Charges were brought against a former Maui officer for issuing three fraudulent citations to two people.
There were three different incidents of false issuing of speeding and parking tickets by the offender in April 2013, July 2013, and February 2014 in Kihei, Maui. When the speeding ticket was issued, it was early morning and the officer wrote the ticket based on the information from the driver’s license that was handed to him by the driver. As for the two parking tickets, there was much confusion. The offender was dealing with the recent sudden suicide death of his brother, which may have impaired his attention to detail.
Client pleaded no contest to the charges brought against him; three counts of false reporting, false swearing, and unsworn falsification to law enforcement authorities, and tampering with a government record. There were three instances of issuing false speeding and parking tickets to two people.
Argument by Defense Attorney David Sereno:
Maui defense attorney David Sereno asked for no jail for his client who had already suffered consequences of losing his job with the police force and deep public humiliation. “He’s been punished in the public eye,” said Sereno.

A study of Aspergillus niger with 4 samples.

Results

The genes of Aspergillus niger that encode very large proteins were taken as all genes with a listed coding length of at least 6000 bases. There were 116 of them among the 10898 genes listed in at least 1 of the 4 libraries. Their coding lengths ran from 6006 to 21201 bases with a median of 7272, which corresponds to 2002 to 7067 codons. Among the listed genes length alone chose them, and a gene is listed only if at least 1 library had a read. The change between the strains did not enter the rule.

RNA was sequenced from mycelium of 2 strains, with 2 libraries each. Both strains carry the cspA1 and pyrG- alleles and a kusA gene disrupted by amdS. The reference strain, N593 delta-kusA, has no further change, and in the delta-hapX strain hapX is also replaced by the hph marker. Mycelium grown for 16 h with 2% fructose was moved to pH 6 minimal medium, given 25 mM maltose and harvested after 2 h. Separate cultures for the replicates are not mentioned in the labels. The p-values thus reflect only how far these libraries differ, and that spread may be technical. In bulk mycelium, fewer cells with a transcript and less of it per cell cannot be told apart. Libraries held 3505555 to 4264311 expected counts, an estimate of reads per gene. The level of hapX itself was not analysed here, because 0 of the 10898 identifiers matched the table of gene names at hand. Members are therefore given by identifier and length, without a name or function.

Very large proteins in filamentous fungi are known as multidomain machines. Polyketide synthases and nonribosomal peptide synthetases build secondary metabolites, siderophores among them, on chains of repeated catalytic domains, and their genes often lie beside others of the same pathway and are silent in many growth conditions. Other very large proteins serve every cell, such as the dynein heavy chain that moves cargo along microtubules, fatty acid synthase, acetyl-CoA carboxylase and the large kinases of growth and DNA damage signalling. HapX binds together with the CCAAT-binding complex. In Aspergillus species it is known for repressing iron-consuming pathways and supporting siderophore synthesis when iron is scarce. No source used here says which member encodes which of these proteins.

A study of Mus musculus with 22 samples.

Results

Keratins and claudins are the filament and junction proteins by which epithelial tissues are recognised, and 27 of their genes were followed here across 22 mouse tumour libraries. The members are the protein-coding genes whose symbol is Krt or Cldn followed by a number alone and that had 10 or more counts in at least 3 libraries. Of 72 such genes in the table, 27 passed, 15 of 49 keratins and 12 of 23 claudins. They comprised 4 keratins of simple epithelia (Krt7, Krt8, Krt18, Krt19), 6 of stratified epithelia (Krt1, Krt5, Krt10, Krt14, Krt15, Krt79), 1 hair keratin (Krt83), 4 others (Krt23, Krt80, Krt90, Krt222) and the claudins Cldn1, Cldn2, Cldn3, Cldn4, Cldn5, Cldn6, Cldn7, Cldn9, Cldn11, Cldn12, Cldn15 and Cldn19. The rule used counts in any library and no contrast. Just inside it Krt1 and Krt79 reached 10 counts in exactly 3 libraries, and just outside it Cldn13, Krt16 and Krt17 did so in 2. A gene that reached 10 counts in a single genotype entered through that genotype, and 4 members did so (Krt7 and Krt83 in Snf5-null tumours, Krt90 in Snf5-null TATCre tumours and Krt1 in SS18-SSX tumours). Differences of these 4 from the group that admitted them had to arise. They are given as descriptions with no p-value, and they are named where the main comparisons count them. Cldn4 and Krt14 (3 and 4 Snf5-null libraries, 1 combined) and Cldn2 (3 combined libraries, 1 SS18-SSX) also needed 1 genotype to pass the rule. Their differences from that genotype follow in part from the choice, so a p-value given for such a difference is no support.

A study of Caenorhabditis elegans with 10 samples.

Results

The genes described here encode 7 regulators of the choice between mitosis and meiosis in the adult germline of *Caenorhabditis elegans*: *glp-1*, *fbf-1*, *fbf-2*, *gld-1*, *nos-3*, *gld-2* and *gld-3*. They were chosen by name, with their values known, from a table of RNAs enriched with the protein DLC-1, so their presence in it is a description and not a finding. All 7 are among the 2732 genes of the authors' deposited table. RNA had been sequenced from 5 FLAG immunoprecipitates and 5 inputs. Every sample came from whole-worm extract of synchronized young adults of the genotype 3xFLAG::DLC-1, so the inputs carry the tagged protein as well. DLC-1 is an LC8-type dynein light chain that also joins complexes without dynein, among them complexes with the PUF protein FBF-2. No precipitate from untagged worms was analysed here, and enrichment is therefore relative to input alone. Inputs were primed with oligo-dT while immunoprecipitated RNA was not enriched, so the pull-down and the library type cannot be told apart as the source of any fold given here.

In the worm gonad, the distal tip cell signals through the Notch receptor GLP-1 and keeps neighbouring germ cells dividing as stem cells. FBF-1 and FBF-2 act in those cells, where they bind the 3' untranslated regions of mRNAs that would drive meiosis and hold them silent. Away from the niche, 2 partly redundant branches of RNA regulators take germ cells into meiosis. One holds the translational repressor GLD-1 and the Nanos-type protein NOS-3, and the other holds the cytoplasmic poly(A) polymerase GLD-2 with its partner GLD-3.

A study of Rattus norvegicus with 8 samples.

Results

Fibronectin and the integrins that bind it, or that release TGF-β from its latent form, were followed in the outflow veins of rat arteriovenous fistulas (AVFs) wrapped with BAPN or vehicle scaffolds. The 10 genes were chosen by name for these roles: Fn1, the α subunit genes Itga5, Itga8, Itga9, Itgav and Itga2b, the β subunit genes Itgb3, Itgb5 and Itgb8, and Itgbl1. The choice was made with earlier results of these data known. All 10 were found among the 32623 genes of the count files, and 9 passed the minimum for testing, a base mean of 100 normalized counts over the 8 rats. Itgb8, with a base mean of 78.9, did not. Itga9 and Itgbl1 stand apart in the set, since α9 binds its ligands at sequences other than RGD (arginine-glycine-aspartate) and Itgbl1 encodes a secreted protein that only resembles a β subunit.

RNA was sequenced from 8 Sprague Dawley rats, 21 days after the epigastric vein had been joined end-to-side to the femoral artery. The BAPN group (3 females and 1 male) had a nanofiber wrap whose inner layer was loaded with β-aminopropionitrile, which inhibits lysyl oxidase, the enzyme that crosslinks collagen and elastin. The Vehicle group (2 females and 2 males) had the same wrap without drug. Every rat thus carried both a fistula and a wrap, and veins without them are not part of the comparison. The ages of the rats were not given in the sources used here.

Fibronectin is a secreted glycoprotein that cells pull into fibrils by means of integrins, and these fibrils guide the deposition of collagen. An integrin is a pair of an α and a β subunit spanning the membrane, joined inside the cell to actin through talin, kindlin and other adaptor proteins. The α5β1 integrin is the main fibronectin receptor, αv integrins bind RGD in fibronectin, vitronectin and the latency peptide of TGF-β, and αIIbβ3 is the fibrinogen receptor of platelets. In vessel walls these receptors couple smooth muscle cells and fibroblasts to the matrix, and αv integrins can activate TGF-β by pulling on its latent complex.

His client was a police officer for 13 years with no other kinds of incidents like these on his record. These incidents arose “out of the blue”, perhaps from being distracted by his brother’s recent death.
Attorney David Sereno argued that this was not a case of abusing public trust, since his client did not hold a grudge or have any type of animosity toward those who falsely received the parking tickets and speeding ticket. “He wasn’t picking on anybody,” said Sereno. When he falsely issued the speeding ticket, he did not pay attention to see if the Driver’s License photo was of the driver. He simply wrote the ticket from the ID that was provided. “He just wasn’t paying attention,” stated Sereno.
He had a 60-day jail term suspended and was instead placed on probation for one year and ordered to pay $1,500 in fines. Judge Adrianne Heely also granted to keep twelve misdemeanor convictions off his record after completing his probation successfully. Judge Heely granted deferral of a jail term after considering the slim likelihood of reoffending. The offender had no prior criminal record, had been cooperative and made numerous court appearances. He cooperated with an exam by a court-appointed psychologist, as well.